Scholars have long been fascinated by the creative struggles with genre manifested throughout Dostoevsky’s career. In The Novel in the Age of Disintegration, Kate Holland brings historical context to bear, showing that Dostoevsky wanted to use the form of the novel as a means of depicting disintegration brought on by various crises in Russian society in the 1860s. This required him to reinvent the genre. At the same time he sought to infuse his novels with the capacity to inspire belief in social and spiritual reintegration, so he returned to some older conventions of a society that was already becoming outmoded. In thoughtful readings of Demons, The Adolescent, A Writer’s Diary, and The Brothers Karamazov, Holland delineates Dostoevsky’s struggle to adapt a genre to the reality of the present, with all its upheavals, while maintaining a utopian vision of Russia’s future mission.
Space and Subjectivity in Nineteenth-Century French Fiction
Focusing on Stendhal, Gérard de Nerval, George Sand, Émile Zola, and Marcel Proust, The Subject of Space: Mapping the Self in Nineteenth-Century French Fiction explores the ways that these writers represent and negotiate the relationship between the self and the world as a function of space in a novel turned map.
With the rise of the novel and of autobiography, the literary and cultural contexts of nineteenth-century France reconfigured both the ways literature could represent subjects and the ways subjects related to space. In the first-person works of these authors, maps situate the narrator within the imaginary space of the novel. Yet the time inherent in the text’s narrative unsettles the spatial self drawn by the maps and so creates a novel self, one which is both new and literary. The novel self transcends the rigid confines of a map. In this significant study, Patrick M. Bray charts a new direction in critical theory.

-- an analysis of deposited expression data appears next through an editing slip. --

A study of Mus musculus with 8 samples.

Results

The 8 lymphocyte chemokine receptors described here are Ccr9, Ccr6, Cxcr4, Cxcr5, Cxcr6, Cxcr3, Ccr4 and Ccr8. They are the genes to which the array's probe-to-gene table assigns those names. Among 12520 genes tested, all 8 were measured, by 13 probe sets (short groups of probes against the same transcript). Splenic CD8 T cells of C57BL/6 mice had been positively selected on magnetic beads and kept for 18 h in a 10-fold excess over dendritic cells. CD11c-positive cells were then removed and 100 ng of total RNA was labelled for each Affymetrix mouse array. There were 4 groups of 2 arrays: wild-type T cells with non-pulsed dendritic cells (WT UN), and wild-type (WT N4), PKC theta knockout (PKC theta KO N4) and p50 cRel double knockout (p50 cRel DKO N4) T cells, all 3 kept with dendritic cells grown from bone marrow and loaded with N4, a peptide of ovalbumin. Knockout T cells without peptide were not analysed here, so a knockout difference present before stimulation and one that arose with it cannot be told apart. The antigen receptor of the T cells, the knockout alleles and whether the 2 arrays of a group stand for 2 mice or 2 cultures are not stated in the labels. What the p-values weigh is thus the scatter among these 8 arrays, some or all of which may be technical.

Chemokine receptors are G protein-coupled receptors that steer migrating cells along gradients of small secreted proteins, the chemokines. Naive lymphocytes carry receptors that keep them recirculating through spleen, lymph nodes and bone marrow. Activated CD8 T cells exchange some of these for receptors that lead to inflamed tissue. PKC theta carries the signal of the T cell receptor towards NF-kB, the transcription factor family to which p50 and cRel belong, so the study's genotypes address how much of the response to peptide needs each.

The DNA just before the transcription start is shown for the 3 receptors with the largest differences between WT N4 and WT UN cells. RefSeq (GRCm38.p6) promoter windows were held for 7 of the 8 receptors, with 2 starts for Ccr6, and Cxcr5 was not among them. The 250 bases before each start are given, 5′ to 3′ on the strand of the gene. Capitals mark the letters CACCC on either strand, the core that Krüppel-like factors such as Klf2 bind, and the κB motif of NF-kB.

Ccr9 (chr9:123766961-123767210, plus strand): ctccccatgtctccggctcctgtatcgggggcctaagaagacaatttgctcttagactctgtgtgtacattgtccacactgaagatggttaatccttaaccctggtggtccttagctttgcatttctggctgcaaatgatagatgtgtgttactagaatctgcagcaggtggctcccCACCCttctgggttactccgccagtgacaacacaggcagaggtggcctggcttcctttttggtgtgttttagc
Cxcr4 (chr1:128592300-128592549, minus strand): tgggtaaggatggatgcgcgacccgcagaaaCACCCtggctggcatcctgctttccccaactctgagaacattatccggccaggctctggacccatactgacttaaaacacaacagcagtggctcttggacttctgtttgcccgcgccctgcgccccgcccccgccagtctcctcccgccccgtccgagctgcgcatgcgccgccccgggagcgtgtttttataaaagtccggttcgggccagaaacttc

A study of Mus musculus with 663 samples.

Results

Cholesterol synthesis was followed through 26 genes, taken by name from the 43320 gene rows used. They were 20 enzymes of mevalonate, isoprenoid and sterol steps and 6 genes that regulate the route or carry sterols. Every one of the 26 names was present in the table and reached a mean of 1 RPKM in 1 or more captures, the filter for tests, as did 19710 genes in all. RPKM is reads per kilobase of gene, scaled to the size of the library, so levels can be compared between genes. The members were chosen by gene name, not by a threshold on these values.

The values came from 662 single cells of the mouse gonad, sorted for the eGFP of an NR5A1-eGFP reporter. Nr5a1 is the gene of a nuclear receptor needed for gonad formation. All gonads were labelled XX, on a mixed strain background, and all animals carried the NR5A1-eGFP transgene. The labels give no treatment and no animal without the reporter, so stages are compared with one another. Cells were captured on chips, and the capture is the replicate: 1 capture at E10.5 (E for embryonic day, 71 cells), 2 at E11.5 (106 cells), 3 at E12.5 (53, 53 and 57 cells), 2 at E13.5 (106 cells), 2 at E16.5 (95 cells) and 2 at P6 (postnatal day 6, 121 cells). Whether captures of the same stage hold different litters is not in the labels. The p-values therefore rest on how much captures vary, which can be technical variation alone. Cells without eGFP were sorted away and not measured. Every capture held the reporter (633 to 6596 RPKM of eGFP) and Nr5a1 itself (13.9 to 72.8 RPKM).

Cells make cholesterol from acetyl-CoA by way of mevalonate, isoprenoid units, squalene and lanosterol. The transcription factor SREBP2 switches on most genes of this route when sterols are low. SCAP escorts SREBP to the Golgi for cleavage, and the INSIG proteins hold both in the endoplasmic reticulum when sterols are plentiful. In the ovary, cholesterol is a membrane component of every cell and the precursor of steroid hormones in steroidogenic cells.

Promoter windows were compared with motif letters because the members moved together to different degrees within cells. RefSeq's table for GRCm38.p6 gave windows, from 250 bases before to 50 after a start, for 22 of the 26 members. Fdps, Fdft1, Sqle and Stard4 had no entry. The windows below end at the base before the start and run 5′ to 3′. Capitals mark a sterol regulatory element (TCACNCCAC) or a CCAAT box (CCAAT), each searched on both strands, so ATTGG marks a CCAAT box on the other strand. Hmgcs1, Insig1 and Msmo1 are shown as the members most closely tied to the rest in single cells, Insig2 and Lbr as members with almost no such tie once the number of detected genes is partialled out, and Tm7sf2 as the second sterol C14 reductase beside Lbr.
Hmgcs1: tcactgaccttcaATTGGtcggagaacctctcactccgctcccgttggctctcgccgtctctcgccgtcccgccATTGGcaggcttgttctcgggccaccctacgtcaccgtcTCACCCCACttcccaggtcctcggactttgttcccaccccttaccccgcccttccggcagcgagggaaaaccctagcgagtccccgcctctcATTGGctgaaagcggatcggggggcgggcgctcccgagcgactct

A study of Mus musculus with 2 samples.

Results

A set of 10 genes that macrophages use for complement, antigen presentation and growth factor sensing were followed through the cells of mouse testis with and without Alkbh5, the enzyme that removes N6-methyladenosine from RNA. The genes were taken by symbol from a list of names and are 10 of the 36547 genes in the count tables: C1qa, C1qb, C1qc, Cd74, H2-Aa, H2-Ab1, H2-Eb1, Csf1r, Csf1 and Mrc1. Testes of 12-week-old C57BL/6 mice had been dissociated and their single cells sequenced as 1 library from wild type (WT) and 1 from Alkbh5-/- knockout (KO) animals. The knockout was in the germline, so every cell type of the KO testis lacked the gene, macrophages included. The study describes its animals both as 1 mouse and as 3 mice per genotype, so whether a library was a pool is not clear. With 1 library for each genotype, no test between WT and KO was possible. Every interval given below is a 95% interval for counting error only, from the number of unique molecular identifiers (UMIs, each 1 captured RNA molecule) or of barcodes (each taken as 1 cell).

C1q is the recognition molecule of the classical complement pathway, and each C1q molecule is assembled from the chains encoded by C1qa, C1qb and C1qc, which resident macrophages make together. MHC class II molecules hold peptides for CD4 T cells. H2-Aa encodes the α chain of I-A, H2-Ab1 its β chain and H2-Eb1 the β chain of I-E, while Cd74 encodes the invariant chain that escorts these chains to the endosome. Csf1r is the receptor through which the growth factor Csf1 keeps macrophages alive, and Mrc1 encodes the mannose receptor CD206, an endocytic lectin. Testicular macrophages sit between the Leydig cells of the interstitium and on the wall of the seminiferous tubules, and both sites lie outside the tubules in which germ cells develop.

The Existential Foundations of Governance
Death is the opposite not of life, but of power. And as such, Mohammed Bamyeh argues in this original work, death has had a great and largely unexplored impact on the thinking of governance throughout history, right down to our day. In Of Death and Dominion Bamyeh pursues the idea that a deep concern with death is, in fact, the basis of the ideological foundations of all political systems.
A. E. Stallings has published two books of poetry, Archaic Smile (1999), which won the Richard Wilbur Award, and Hapax (Northwestern University Press, 2006), which won the Poet’s Prize and the American Academy of Arts and Letters’ Benjamin H. Danks Award. She has also published a verse translation of Lucretius, The Nature of Things (2007). Stallings is a 2011 Guggenheim Fellow and a 2011 MacArthur Fellow. She lives in Athens, Greece.
Hidden Children Remember the Holocaust
The stories in Out of Chaos represent brief or elongated moments, fragments of memory and experience, what the great Holocaust writer Ida Fink called “a scrap of time.” In all, the anthology expresses these survivors’ memories and reactions to a wide range of experiences as they survived in so many European settings, from Holland, Belgium, Italy, Germany, Greece, Yugoslavia, Poland, and France. The writers recall being on the run between different countries, escaping over mountains, hiding and even sometimes forgetting their Jewish identities in convents and rescuers’ homes and hovels, basements and attics. Some were left on their own; others found themselves embroiled in rescuer family conflicts. Some writers chose to write story clusters, each one capturing a moment or incident and often disconnected by memory or temporal and spatial divides.All together the anthology is a profound testament to lost and found lives that are translated into compelling reading.
Fictions of a New Translingual Diaspora
Out of Russia is the first scholarly work to focus on a group of writers who, over the past decade, have formed a distinct phenomenon: immigrants with cultural and linguistic roots in Russia who have chosen to write in the language of their adopted countries. The best known among these are Andreï Makine, who writes in French, Wladimir Kaminer, who writes in German, and Gary Shteyngart, who writes in English.